Lactose intolerance results from a lack of lactase enzymes which are in charge of breaking the lactose down into its simpler forms – glucose and galactose. Although it seems to us that not many people are lactose intolerant, about 75 percent of total world population starts losing lactase after weaning, and many experience lactose intolerance as they age. One of the most often heard question about this condition is – can it raise the risk of osteoporosis? After all, we have all heard a million times that we should drink milk to strengthen our bones, and osteoporosis is a condition that leads to weakening of the bones making them more prone to fractures or breaks. Let us try to determine the connection between these two conditions.
The Lack of Calcium as a Risk Factor
One of the most widely known risk factors of osteoporosis is the lack of calcium, and that is the first thing that puts lactose intolerance on the list of primary suspects. Dairy products are the most famous and the most commonly used source of calcium, and hence the assumption that lactose intolerance can increase your risk of osteoporosis. However, there is no clear scientific evidence that lactose intolerance is conflicted with bone health, considering the fact that some studies have confirmed it, and others denied it. Nevertheless, people with lactose intolerance should increase their calcium intake by other means and use different resources to improve the health of bones.
Get More Calcium
It is recommended for women to take 1,200mg and for men 1000mg of calcium per day in order to achieve the optimal health of the bones. That basically means that you should have three to four glasses of milk per day, but what if you cannot? Then, you should start by introducing osteoporosis foods into your nutrition and changing your daily habits.
- Avoid carbonated drinks since high levels of soda can leach calcium from your bones.
- Get sufficient vitamin D, since it is in charge of helping your body absorbs the calcium.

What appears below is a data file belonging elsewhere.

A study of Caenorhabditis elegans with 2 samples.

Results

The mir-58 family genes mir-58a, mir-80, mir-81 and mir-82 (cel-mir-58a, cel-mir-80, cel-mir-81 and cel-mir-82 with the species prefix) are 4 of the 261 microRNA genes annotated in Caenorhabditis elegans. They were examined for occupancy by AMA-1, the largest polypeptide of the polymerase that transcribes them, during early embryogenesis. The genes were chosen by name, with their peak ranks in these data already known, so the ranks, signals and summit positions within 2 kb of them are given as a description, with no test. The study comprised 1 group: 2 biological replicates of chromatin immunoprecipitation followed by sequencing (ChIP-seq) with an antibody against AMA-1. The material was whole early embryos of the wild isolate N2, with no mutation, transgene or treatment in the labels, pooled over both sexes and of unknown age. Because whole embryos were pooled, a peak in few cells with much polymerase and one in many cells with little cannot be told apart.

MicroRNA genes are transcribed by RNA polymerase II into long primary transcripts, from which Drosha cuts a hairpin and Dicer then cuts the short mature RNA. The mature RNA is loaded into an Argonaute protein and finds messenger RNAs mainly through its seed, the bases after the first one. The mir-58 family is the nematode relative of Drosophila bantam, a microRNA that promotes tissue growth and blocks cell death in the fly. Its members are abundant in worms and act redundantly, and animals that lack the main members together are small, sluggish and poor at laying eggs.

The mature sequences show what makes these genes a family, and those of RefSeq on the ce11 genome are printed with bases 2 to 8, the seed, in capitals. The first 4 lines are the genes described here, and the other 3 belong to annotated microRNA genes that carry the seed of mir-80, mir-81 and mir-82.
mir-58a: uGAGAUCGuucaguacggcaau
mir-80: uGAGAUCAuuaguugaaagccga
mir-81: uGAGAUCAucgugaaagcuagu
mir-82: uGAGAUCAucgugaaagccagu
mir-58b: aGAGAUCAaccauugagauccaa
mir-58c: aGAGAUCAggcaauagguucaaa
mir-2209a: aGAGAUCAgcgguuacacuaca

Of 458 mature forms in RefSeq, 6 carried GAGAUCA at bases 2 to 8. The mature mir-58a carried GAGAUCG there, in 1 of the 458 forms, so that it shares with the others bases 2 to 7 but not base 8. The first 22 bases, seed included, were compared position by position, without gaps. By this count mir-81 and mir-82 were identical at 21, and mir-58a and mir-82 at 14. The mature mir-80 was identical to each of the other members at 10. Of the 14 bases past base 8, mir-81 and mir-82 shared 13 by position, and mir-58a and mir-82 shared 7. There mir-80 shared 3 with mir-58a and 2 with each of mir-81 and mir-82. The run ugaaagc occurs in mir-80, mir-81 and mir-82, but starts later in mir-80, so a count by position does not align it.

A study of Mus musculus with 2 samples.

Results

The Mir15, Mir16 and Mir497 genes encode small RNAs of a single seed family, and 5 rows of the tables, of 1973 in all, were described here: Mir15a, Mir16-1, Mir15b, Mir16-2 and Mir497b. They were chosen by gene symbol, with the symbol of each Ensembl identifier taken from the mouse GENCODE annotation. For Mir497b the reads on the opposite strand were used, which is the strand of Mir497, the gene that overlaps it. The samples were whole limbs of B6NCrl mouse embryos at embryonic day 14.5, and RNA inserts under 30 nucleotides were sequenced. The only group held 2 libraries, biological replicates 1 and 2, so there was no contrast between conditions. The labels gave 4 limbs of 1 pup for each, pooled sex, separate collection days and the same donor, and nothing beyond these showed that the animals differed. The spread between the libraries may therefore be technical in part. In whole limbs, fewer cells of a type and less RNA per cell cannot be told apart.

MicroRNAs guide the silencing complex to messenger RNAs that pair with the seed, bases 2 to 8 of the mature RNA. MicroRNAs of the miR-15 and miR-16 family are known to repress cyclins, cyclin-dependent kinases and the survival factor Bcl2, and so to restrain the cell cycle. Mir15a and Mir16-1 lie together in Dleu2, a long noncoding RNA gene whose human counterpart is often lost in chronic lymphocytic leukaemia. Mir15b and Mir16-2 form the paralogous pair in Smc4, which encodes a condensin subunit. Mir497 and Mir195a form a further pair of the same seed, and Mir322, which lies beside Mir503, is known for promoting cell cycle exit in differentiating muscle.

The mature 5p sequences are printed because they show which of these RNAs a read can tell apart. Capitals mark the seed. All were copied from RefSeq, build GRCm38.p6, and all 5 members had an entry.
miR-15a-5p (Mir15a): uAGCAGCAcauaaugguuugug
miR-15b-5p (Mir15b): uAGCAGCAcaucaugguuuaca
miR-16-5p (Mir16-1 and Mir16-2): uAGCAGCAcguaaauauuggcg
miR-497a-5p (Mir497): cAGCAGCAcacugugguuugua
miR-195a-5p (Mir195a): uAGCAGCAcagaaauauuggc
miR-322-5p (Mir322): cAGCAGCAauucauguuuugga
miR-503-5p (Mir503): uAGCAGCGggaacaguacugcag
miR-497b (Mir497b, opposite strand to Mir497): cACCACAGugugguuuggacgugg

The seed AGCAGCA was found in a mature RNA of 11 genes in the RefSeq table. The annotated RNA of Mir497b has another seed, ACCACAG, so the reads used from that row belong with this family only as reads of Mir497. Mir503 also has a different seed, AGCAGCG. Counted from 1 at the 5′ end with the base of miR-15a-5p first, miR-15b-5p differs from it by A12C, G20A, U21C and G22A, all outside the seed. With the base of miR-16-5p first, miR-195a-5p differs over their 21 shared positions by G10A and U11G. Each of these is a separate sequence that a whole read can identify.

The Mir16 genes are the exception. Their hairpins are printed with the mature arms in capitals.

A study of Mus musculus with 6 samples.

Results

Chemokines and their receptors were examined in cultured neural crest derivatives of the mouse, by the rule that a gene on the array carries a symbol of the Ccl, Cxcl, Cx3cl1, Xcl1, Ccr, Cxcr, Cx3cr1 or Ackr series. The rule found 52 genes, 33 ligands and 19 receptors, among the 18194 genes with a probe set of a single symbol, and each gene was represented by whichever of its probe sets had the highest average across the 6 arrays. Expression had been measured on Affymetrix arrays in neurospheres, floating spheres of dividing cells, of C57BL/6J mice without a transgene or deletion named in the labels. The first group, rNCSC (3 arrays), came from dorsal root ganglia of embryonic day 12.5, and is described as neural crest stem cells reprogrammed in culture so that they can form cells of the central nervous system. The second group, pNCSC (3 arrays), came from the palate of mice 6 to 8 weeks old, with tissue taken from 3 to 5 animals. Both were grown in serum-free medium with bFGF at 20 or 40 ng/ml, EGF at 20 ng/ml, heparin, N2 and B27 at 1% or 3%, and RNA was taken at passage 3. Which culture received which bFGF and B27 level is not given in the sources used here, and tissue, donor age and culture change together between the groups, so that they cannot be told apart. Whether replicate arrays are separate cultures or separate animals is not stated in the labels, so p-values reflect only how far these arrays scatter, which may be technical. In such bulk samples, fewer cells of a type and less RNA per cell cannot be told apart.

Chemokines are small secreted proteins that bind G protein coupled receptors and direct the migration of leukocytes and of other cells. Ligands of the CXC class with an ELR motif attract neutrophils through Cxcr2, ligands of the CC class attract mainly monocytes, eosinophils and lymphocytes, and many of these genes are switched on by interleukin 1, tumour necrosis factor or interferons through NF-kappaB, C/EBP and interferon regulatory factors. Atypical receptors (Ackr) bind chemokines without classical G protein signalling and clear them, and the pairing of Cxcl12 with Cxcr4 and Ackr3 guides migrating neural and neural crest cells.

- Eat beans which are high in calcium and protein.
- Eat canned salmon (3oz = 181mg calcium).
- Add as much oatmeal as you can to your diet, since one ounce contains about 100mg of calcium.
- Your mother was right. You should eat your vegetables. One serving of leafy greens contains about 100mg of calcium.
- Get some nutty snacks. Brazil nuts and almonds contain just as much calcium as leafy greens per serving, plus they are very delicious.
- Drink soy latte. You will be glad to hear that just one soy grande latte in Starbucks provides almost half of your daily needs of calcium
- When everything fails, or it is not enough, take calcium supplements after consulting with your doctor.
Other Ways to Strengthen Your Bones
We have already determined that dairy products are not necessary for getting sufficient amount of calcium, but once we are here, it is important to take a look at some of the other ways of preventing osteoporosis, since it is such a common condition that currently more than 200 million of people are suffering from it, around the globe.
- Bone is a living tissue made stronger by exercising. The most efficient exercises for strengthening your bones are the one forcing you to fight gravity (dancing, walking, and stair climbing…).
- Choosing to have a healthy lifestyle can be helpful in preventing osteoporosis and many other diseases. Ditch the cigarettes, since smoking prevents absorption of calcium. Also, avoid alcohol, since it can (after some time) lead to bone loss and other risks.
- Constantly check your bones. There is a bone mineral density test (BMD) which can detect osteoporosis before a fracture, and predict future chances of fracturing.
To conclude, since there is no unambiguous answer to the question from the beginning of the article, we are left with the one we use often when it comes to health – better safe than sorry.